Daria’s Inferno

Daria’s Inferno - Windows, Macintosh (2000)



This entry is part 3 of 3 in the series Beavis & Butthead

While Beavis and Butthead’s TV show aired its last original episode in 1997, it spawned a spin-off series based on their nerdy classmate Daria Morgendorffer. After moving away from the dimwitted duo (who are rarely even mentioned and never seen), she uses her sarcasm to deal with the pressures of high school life. Although never quite as popular with the younger crowd as Beavis and Butthead, Daria still garnered a cult following, mostly of older fans who could relate to Daria’s world-weary barbs. There was only one game based on the show, entitled Daria’s Inferno, and it takes on the mold of a (rather simplistic) point-and-click adventure game.

In the beginning, Daria is stuck in English class when the principal, Mrs. Li, barges in and proclaims that five random items have been stolen from the school, and sentences everyone to detention until they’re all found. Daria then falls asleep and imagines herself in Dante’s Inferno, requiring her to go through five locations in her town to find the missing items. It’s a shame that they try to reference Dante’s Inferno, but rather than sending you through various circles of hell, you just end up in demonic versions of schools, shopping malls and night clubs.

Rather than the standard side-view screen-by-screen structure, Daria’s Inferno’s locations consist of relatively large rooms viewed from an isometric perspective. Essential items seem randomly strewn about, and their application is usually pretty clear. There’s so little thought that it feels more like a level-based arcade game that happens to use a point-and-click interface. This feeling is further solidified by the numerous enemies throughout each stage, ranging from deranged cheerleaders to pushy salesmen. Since there is no way to attack, all you can do is avoid them. If you get hit, Daria’s irritation meter lowers slightly. When it empties, you’re kicked out of the screen and need to start from the entrance, which isn’t too punishing, but it is unnecessarily… well, irritating.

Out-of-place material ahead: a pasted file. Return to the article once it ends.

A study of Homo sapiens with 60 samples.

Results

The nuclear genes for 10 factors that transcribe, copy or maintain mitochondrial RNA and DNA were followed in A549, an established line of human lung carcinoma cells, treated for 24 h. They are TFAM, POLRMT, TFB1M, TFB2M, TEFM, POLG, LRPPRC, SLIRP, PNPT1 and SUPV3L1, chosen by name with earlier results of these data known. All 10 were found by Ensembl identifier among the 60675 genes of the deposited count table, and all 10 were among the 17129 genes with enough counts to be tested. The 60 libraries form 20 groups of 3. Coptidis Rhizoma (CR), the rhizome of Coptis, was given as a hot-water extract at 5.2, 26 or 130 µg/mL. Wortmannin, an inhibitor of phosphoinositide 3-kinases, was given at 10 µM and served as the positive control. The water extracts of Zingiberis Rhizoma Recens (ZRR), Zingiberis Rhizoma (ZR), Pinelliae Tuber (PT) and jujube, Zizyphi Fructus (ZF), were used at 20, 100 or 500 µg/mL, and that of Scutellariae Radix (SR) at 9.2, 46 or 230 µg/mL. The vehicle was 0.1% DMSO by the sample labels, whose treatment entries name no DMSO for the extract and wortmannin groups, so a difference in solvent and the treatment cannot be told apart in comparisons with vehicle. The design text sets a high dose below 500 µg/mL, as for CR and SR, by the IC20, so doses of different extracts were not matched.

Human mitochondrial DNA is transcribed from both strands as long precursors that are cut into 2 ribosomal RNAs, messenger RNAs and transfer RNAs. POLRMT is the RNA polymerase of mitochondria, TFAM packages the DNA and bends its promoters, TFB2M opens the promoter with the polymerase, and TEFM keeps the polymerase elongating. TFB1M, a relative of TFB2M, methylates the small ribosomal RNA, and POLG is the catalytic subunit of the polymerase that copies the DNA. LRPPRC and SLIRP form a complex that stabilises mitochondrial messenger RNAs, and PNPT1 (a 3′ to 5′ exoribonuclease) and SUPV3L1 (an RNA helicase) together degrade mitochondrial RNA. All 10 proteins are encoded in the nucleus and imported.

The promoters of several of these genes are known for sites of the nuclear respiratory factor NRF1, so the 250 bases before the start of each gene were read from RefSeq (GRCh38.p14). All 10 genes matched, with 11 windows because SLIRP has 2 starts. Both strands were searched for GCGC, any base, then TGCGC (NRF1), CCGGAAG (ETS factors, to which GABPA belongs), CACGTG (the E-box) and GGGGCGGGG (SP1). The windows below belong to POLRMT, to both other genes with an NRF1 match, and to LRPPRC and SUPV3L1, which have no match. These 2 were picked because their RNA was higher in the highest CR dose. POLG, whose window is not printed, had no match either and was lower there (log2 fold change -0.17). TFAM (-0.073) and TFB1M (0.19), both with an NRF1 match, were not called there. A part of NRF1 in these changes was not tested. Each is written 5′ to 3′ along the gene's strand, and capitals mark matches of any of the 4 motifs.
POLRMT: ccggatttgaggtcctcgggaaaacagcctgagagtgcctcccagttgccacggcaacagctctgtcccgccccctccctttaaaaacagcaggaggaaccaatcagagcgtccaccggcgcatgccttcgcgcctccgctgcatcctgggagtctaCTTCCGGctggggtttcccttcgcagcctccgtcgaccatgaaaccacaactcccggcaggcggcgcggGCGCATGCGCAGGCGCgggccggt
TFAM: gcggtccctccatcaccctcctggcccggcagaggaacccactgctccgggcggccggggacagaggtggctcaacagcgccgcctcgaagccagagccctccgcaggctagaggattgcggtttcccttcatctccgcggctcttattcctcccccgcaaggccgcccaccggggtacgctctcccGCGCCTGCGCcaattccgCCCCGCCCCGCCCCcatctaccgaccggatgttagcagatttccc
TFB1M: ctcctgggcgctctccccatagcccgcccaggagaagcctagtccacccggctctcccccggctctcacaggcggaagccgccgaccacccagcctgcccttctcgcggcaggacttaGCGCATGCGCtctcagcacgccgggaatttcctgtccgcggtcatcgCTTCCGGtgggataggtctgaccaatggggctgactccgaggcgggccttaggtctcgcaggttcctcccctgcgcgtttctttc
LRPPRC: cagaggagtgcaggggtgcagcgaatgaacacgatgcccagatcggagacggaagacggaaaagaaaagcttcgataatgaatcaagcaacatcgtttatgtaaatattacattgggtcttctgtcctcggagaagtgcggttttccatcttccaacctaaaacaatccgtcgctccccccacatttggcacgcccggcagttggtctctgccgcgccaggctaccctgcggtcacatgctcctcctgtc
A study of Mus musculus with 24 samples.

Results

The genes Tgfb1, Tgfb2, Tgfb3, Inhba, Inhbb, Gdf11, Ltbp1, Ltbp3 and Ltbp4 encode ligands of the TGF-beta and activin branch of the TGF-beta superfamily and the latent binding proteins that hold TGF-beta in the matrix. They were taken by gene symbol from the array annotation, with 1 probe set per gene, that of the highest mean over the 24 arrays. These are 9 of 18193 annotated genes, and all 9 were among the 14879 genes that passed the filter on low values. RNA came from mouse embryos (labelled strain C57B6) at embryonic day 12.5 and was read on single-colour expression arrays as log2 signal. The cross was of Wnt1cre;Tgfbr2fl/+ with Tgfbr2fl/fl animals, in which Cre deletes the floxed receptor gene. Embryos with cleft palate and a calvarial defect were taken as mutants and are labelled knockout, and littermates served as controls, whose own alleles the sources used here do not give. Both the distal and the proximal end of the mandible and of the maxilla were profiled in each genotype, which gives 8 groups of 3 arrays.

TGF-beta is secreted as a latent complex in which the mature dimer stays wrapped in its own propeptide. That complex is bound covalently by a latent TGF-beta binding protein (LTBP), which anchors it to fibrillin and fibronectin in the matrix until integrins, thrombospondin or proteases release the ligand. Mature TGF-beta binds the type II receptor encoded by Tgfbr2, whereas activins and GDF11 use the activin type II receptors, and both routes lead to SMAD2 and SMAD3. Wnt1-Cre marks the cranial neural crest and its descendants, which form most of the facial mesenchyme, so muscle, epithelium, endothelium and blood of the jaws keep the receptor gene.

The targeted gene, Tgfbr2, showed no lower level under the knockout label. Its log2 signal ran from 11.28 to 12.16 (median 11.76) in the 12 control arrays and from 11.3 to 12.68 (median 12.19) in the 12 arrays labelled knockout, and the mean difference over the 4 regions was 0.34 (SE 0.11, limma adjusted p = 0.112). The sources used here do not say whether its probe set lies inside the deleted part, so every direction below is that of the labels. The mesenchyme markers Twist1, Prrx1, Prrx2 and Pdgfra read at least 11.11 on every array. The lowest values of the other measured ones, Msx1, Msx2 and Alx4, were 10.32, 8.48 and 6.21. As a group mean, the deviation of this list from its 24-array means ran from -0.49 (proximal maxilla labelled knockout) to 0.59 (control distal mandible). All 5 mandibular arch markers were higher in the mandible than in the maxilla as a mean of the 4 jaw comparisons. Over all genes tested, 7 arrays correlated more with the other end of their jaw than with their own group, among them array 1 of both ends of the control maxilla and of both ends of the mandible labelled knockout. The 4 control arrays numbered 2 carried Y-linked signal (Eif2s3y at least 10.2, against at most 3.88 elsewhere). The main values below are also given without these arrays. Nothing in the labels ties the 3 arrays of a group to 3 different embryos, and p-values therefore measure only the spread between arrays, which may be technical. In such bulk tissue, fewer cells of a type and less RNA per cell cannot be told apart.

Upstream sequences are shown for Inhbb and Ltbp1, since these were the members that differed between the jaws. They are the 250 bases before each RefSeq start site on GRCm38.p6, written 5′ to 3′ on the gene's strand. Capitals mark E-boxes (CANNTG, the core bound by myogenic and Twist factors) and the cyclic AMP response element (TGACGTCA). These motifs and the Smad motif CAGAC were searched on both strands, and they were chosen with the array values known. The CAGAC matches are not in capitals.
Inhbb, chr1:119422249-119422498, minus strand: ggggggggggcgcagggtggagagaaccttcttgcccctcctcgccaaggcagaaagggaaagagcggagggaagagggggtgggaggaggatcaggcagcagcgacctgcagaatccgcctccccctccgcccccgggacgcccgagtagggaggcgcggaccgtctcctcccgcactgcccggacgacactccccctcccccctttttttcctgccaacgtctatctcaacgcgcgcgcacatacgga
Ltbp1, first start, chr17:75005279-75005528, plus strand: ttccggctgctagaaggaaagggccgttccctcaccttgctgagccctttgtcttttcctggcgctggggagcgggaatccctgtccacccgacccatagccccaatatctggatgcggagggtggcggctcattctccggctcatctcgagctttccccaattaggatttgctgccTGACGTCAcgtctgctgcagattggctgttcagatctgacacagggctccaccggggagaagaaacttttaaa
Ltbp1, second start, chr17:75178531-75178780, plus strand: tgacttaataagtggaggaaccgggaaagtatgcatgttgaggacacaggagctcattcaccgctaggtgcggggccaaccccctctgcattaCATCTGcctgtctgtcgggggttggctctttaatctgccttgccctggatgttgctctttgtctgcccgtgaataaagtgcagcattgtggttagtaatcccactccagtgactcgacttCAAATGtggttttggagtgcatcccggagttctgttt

Like the Beavis and Butthead games, Daria’s Inferno is largely faithful to the source material, featuring a visual style that’s identical to the cartoon, contributions from all of the same voice actors, and appearances by most of the secondary characters, including Daria’s pal Jane as her guide. There are still lots of sarcastic barbs, sometimes uttered seemingly at random. Still, it never quite feels right. In the Beavis and Butthead games, the duo got into all kinds of wacky shenanigans, which is exactly what they did in the cartoon. Daria’s show, outside of some The Simpsons Treehouse of Horror-esque concept shows, is largely grounded in reality. In the first level of Daria’s Inferno, you find the sadistic History teacher, Mr. DeMartino, torturing his students with electric chairs. Once you free them, Kevin, the dimwitted football player, uses his thick skull to charge ahead and break a hole in the wall. Then you climb a gigantic tower filled with elevators, flipping switches until you find the right combination. There’s something that feels incredibly off about all of this – it’s supposed to be written off like one big dream sequence, but it still feels far too video game-y to make sense in Daria’s universe. The only really clever aspect is the hint system, which will guide you to your goal with a short clip from the amusing show-within-a-show, Sick Sad World.

All in all, it’s a daft game, although an interesting curiosity for fans. Still, it’s quite odd that Virtual Stupidity, a game starring two of the most dim-witted characters in animation history, has substantially more depth than the game based on a far more intellectually superior character. It’s the sort of irony Daria would probably appreciate.